Mayor of Gardena and former L.A. County Undersheriff Paul Tanaka was convicted of conspiracy and obstruction charges on Wednesday by a federal jury for directly interfering with an FBI investigation into abuse and corruption within the Los Angeles Sheriff’s Department (LASD). Although Tanaka’s defense attorneys primarily blamed former Sheriff Lee Baca for orchestrating the crimes, witnesses recalled Tanaka issuing most of the illegal orders.
While investigating allegations of brutality and misconduct within the LASD, an FBI informant named Anthony Brown bribed Deputy Gilbert Michel in exchange for smuggling a cell phone into Men’s Central Jail (MCJ) in Downtown L.A. After using the phone to record prisoner abuse and other illicit activities, Brown was caught a few weeks later with the smuggled phone and eventually admitted his involvement with the FBI investigation.
Instead of allowing the FBI to continue their inquiry unimpeded, Baca gave Tanaka free reign to actively obstruct the federal investigation by hiding Brown under a series of aliases and sending deputies to the home of a female FBI agent in order to threaten and intimidate her. After Deputy Michel pleaded guilty to bribery in 2012 and began cooperating with the FBI, Baca impelled Tanaka to retire the following year. Although Baca had planned to run for re-election, he decided to retire amid the exposure of numerous corruption and abuse scandals within his department.
Accused of corruptly influencing and impeding an FBI investigation into abuse and bribery within the Los Angeles Sheriff’s Department, former Undersheriff Paul Tanaka and retired Captain William “Tom” Carey were indicted in May 2015. Carey pleaded guilty to lying under oath in August 2015, while Baca pleaded guilty to making false statements to FBI agents and federal prosecutors earlier this year.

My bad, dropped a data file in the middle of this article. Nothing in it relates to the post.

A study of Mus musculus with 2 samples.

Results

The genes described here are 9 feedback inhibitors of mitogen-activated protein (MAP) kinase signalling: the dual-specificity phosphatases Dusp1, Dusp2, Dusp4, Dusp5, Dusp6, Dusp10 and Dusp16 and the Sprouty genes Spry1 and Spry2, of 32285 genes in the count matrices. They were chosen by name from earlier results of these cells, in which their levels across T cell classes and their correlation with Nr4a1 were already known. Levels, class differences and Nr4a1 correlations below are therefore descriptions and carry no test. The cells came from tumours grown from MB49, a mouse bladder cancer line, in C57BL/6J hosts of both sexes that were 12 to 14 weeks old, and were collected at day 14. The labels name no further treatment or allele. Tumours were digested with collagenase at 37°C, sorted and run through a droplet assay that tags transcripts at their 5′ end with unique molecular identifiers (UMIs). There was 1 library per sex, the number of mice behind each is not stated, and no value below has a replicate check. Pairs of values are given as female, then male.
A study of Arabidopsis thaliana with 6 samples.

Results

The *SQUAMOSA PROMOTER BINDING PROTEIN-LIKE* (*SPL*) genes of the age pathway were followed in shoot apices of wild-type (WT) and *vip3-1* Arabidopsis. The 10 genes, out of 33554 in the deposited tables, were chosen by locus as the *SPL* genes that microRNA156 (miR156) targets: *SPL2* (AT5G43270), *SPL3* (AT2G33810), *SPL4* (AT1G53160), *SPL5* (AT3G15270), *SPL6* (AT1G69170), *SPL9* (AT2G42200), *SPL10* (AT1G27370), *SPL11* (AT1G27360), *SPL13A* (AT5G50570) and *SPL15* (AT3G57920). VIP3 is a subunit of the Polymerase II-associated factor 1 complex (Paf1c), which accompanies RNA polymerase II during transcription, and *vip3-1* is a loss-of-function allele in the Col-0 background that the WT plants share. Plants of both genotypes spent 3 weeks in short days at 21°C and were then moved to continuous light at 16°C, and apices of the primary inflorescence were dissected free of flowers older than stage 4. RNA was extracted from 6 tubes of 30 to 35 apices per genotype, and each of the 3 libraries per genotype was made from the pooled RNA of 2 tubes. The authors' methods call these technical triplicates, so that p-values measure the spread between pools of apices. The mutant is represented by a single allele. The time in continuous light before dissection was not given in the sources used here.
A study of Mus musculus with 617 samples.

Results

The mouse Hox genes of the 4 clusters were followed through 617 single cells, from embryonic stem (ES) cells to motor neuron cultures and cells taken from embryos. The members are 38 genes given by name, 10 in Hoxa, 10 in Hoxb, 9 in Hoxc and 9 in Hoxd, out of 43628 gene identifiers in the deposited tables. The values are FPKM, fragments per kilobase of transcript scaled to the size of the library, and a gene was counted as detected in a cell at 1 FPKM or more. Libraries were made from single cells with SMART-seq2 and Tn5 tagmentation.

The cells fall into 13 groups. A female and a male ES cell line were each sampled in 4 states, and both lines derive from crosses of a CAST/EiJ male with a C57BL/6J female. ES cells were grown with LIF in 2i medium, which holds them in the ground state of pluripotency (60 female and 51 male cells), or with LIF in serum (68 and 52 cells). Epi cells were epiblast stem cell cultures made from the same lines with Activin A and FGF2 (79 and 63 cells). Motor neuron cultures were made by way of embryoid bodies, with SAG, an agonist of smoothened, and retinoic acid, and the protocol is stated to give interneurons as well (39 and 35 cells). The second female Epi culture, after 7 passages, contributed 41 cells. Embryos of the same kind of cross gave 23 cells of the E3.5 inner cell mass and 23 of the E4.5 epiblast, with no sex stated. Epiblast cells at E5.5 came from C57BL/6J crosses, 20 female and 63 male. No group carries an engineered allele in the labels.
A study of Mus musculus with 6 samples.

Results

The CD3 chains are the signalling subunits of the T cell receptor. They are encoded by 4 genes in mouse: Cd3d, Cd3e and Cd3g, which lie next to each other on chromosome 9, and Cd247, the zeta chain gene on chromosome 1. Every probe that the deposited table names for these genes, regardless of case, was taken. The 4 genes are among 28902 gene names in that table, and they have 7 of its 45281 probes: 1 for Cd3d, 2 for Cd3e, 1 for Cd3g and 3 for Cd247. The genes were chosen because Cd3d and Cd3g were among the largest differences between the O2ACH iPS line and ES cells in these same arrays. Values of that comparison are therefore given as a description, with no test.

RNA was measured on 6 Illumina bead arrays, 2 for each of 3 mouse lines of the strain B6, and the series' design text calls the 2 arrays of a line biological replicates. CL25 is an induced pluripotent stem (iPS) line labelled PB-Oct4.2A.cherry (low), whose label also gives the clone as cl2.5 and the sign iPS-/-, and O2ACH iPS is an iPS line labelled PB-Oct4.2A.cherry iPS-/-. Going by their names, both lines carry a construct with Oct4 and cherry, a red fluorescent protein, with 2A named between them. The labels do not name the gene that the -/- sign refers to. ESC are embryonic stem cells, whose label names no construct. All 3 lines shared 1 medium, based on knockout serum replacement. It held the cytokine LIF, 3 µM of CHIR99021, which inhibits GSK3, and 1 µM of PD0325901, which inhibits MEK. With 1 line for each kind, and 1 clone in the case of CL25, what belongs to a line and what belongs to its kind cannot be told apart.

During Tanaka’s trial, prosecutors pointed to his violent past as a member of the Lynwood Vikings, a racist gang of deputies who operated out of the Lynwood station in the late-1980s and 1990s. As a sergeant stationed at Lynwood, Tanaka received a Viking tattoo in 1987 and later admitted under testimony that he refuses to have it removed. A year after receiving his tattoo, Tanaka was named in a wrongful death lawsuit in which the department eventually settled for $1 million.
Although Tanaka’s defense attorneys tried to place the blame on Baca while portraying their client as an innocent victim who was unaware of the sheriff’s illicit activities, several phone calls and witnesses placed Tanaka at the center of the conspiracy. Former deputy Mickey Manzo, who was convicted in an earlier trial for his involvement in obstructing the FBI, testified about attending meetings where Tanaka screamed profanities against the FBI while directly issuing unlawful orders. With phone records revealing that Tanaka was in constant communication with his co-conspirators, Assistant U.S. Atty. Brandon Fox disproved Tanaka’s claims that he had no knowledge of his subordinates’ crimes.
Spending less than two hours deliberating, the jury found Tanaka guilty on Wednesday of conspiracy to obstruct justice and obstruction of justice. Tanaka faces up to 15 years in federal prison, and his sentencing is scheduled for June 20. Despite his recent conviction, Tanaka currently serves as mayor of Gardena.